Date story was published: Sunday, December 30, 1990
LOUISVILLE -- The three-point shooting problem reappeared yesterday.
Only Louisville was the team scratching its collective head over the three-pointer.
Kentucky, which misfired on 69 of its last 92 three-point attempts entering the game, clanked its first three against the Cards.
Never miss a local story.
Thereafter, UK's three-point shooting machinery shifted into gear with devastating results. The Cats bombed from outside, then befuddled Louisville's defensive adjustments with drives to the basket.
The result: Louisville with an unsolvable three-point dilemma, and Kentucky with a sweet 93-85 victory.
"When they're doing that, you can't beat them," Louisville point guard James "Boo" Brewer said. "They're unstoppable."
UK's multiple defenses also thwarted Louisville, limiting a Cardinals team shooting 53 percent for the season to 44.6 percent accuracy. But, Coach Denny Crum said, the Cards also stopped themselves.
"Kentucky did a good job taking away the initial part of our offense," Crum said. "We didn't have the confidence or whatever it is to go to second and third options, which is what you have to do versus good teams. A good team takes certain things away. We didn't adjust to that well."
Never mind the misleading eight-point margin of victory. UK did not trail over the final 30 minutes, leading by as much as 22, and by as much as 18 with less than three minutes left.
Kentucky fans embrace any victory over hated Louisville, winner of the last two meetings in this electric series.
But, said UK coach Rick Pitino, "I'm more excited about the way we played. We were fundamentally sound in all phases. We've been waiting to put this type of game together. It's a very special win going into SEC play."
The Cats, 8-2, open Southeastern Conference play at Georgia Wednesday.
Richie Farmer, who seems to save his best games for Freedom Hall, and Jeff Brassow kicked in UK's three-point weaponry.
Farmer, who had a career-high 22 in this building eight days ago against Western Kentucky, hit four of five three-pointers and scored all his 14 points in the first half.
Farmer hit three three-pointers in the final 2:19 to propel the Cats to a 39-28 halftime lead.
No, Farmer said, he didn't worry when UK misfired on its first three three-pointers (two by John Pelphrey and one by Brassow).
"I was on the bench," Farmer said, smiling. "I didn't think about it."
Brassow made three of seven three-point attempts before halftime. In all, UK hit nine of 19 shots from behind the three-point line in the first 20 minutes.
Reggie Hanson made UK's first three-pointer with 15:09 left. John Pelphrey declined a three-point attempt and passed to Hanson.
Hanson's trey triggered an onslaught. UK made 13 of its final 23 three- point attempts, including a banker by Deron Feldhaus ("Oh yeah, I did intentionally use the glass," he said, sarcastically) and walk-on Junior Braddy's first of the season.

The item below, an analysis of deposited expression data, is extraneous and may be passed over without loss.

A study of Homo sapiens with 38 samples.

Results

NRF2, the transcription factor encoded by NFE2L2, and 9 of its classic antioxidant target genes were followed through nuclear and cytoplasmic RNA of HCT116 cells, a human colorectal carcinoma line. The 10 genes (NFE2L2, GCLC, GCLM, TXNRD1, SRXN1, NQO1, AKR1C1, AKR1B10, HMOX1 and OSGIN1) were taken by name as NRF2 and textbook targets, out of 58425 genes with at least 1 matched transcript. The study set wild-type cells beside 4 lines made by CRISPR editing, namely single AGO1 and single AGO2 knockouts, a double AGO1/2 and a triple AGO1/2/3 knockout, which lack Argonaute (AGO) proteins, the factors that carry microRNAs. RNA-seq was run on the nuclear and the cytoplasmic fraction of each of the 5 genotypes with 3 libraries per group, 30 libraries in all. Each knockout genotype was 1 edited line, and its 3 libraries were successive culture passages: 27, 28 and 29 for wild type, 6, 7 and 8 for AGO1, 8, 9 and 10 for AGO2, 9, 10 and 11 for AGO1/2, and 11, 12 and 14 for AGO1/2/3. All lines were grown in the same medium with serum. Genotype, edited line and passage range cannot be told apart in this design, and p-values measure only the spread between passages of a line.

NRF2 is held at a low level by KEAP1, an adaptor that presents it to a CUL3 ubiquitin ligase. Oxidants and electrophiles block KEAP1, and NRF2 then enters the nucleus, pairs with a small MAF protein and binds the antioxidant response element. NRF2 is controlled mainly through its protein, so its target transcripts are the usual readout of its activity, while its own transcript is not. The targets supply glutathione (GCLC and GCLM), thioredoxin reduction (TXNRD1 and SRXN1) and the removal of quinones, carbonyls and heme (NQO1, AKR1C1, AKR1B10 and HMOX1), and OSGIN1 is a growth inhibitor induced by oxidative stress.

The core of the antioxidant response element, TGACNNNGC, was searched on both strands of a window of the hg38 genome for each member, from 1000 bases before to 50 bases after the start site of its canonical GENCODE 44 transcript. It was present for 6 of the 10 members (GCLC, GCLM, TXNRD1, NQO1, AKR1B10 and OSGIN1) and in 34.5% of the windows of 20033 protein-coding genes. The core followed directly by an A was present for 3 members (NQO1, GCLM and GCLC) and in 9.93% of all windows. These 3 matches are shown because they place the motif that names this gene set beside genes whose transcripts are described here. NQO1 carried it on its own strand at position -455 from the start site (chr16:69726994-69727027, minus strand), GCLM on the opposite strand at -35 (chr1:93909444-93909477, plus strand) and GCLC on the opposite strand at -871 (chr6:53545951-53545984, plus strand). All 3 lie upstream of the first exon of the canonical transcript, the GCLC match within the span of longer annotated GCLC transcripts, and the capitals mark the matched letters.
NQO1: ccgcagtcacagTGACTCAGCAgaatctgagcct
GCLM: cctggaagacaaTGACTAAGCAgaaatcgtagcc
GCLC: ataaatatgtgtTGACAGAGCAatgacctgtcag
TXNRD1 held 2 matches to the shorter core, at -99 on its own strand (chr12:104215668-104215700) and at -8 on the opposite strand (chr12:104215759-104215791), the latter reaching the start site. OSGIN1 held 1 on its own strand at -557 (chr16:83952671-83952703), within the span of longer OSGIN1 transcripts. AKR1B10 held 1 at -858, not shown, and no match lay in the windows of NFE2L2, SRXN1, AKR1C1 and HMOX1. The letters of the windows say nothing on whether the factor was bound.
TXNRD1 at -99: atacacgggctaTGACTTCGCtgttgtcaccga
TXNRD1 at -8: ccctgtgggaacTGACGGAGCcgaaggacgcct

UK was5-for-30 and nine-for-36 on three-pointers in its last two games. "One of the things we were hoping for was their lack of three-point shooting would continue," Crum said. "Obviously, it didn't. If they don't make them, it's a close game. With the three-pointer, you can win with it, but you also can get beat by it. To their credit, they made the shots."
Louisville adjusted its defense in the second half, paying closer attention to UK players on the perimeter. So, point guard Sean Woods penetrated past one-on-one coverage for a team-high 20 points, all scored after halftime.
"I let the game come to me," Woods said. "My job is to penetrate, draw the defense and kick it out. They stayed with their men, so I was able to go to the basket."
Woods scored eight straight points to give UK its first 20-point lead, 59-39, with 13:22 left.
All was set up, Woods agreed, by the three-point shooting. Even Pelphrey warmed to the task. Pelphrey, a 1-for-11 three-point shooter Thursday against Eastern and 3-for-his-last-19, missed his four first-half attempts. Two were air balls.
Pelphrey finally hit a trey with 10:07 left to establish another 20-point UK lead: 68-48.
Louisville did not repeat the wilting of the famous "Big Brother-Little Brother" game of 1986. UK rode 11 three-pointers that day to an 85-51 victory, the most lopsided loss in Crum's coaching career.
Yesterday, Louisville kept after UK. The Cards had five dunks and could have had two more had LaBradford Smith not missed a breakaway reverse slam and had sophomore Mike Case not walked gearing up for a slam.
But UK's lead was never in jeopardy. The Cats led by at least 12 in the second half until the final 40 seconds.
"I don't think this team can play any better," Pitino said. "We took good shots. We moved the ball. We played very hard defense. We didn't turn it over till the end."